Tracey Collins, PT, PhD, MBA, GCS

October 25, 2021


What is the difference between Palliative and Hospice Care?  

Answer

While it's true that hospice is one type of palliative care, hospice care and
traditional palliative care bear minimal similarities. The key differences are
important to recognize:

  • Hospice care is appropriate during the last 6 months of life.
  • Palliative care should start at the time of diagnosis.
  • Hospice care usually cannot be provided at the same as curative or aggressive treatments such as chemotherapy, radiation, blood transfusions, which are given for the treatment of the terminal diagnosis. An exception may be that chemo/radiation may be given for palliation, relief of pain. Patients in hospice elect DNR status.
  • Palliative care occurs simultaneously with aggressive or curative treatments, often managing symptoms that these therapies cause.

Another clarification to differentiate palliative care vs hospice care:

Hospice: 

  • Focus is on pain and symptoms management
  • Terminal diagnosis with life expectancy < six months
  • Not seeking curative treatment
  • For Both hospice and palliative care, the focus is on the quality of life of the patient and addressing any adjustment to illness or end-of-life issues. 

Palliative Care:

  • The focus is on pain and symptoms management
  • The patient does not have to be terminal
  • May still be seeking aggressive treatment 
     


tracey collins

Tracey Collins, PT, PhD, MBA, GCS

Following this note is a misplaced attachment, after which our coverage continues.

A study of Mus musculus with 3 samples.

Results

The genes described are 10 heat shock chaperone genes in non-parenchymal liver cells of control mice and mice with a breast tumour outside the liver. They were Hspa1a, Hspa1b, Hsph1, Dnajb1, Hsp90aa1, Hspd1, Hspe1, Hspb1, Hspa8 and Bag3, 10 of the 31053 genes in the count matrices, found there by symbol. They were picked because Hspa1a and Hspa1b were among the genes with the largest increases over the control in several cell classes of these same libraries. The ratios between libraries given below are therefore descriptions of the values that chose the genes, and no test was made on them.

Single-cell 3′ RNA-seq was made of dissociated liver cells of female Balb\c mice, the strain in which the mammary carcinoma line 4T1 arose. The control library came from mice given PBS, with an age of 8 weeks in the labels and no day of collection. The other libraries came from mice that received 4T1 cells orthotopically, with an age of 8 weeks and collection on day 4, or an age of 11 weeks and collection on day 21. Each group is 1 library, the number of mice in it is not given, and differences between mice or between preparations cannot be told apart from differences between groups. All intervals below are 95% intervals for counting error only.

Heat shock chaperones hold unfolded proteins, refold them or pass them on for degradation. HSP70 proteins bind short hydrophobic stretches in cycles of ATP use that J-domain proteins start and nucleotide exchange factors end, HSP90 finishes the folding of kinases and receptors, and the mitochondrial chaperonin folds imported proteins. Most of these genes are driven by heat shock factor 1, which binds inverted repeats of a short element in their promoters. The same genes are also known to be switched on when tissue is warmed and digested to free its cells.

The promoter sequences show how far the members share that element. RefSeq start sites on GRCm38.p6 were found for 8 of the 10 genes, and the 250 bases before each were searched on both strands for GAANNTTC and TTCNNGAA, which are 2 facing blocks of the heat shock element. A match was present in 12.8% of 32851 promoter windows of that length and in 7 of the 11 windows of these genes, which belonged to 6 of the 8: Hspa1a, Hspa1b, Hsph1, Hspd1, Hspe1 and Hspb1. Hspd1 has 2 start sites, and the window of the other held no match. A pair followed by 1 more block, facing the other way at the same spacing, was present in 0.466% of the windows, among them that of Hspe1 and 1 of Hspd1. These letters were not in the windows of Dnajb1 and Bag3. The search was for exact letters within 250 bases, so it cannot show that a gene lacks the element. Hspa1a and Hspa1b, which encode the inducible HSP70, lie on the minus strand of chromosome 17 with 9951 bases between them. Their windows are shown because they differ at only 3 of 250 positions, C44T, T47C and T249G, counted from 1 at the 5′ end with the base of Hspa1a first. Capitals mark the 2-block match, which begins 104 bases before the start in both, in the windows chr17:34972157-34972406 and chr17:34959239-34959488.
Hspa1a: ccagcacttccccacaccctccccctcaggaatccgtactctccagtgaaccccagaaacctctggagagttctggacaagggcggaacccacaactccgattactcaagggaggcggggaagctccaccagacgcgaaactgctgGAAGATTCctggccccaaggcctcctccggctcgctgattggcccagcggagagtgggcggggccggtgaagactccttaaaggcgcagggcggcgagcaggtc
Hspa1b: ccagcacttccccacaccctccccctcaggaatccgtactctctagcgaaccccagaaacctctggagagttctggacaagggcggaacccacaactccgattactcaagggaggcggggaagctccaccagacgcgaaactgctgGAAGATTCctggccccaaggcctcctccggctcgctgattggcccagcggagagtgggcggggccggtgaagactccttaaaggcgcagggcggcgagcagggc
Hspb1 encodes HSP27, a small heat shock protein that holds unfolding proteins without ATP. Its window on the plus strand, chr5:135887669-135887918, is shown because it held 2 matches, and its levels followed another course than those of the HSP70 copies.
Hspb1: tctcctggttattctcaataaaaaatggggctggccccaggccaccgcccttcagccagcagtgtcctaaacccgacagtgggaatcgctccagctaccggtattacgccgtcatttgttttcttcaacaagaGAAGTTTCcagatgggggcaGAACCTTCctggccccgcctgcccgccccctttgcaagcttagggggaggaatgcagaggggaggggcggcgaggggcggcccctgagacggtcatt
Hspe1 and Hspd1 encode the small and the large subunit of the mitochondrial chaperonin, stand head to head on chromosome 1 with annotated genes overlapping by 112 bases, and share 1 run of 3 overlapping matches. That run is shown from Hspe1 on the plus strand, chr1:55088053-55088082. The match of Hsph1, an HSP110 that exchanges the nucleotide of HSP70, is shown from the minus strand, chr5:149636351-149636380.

Dr. Collins received her BS in physical therapy from the University of Scranton in 1989, an MBA from the University of North Carolina at Wilmington in 1997, and her Ph.D. in Health Administration from Walden University in 2006. Dr. Collins has 33 years of experience as a PT, 26 years of experience in home health, and has been a Board-Certified Specialist in Geriatric PT since 1998. She has 20 years of academic teaching experience and is the Research Chair for APTA Home Health.


Related Courses

Frailty in Home Health
Presented by Tracey Collins, PT, PhD, MBA, GCS
Recorded Webinar

Presenter

  'learnt about instruments to measure frailty'   Read Reviews
This course provides the attendee with the definition, evaluation methods, treatment strategies, and discharge planning for home health patients living with frailty.

Home Health Wound Care Review
Presented by Tracey Collins, PT, PhD, MBA, GCS
Recorded Webinar

Presenter

  'very informative'   Read Reviews
Review of basic wound care including wound evaluation, pressure injuries, diabetic foot ulcers, venous stasis wounds and arterial wounds, debridement, various wound dressing categories and standards of care. This course is directly related to the practice of physical therapy and is therefore appropriate for the PT/PTA.

Patient-Centered Care: Bringing Quality Toward End of Life
Presented by Tracey Collins, PT, PhD, MBA, GCS
Recorded Webinar

  'great presentation, very informative'   Read Reviews
Participants will be taught the role of a PT in hospice and palliative care and how to develop an appropriate patient–centered POC. This course is directly related to the practice of physical therapy and is therefore appropriate for the PT/PTA.

Mindfulness: Beyond Guided Meditation

Put Down the Drugs: Evidence-Based Interventions to Reduce Unwanted Behaviors with Dementia
Presented by Kathleen D. Weissberg, OTD, OTR/L, CMDCP, CDP, OTR/L
PTs can apply evidence-based interventions to improve dementia care. This session reviews the etiology of common behaviors. Cognitive-emotion, multi-sensory, animal-assisted, and exercise interventions to reduce agitation are discussed as well as specific strategies for improving task-related engagement. This course is directly related to the practice of physical therapy and is therefore appropriate for the PT and PTA.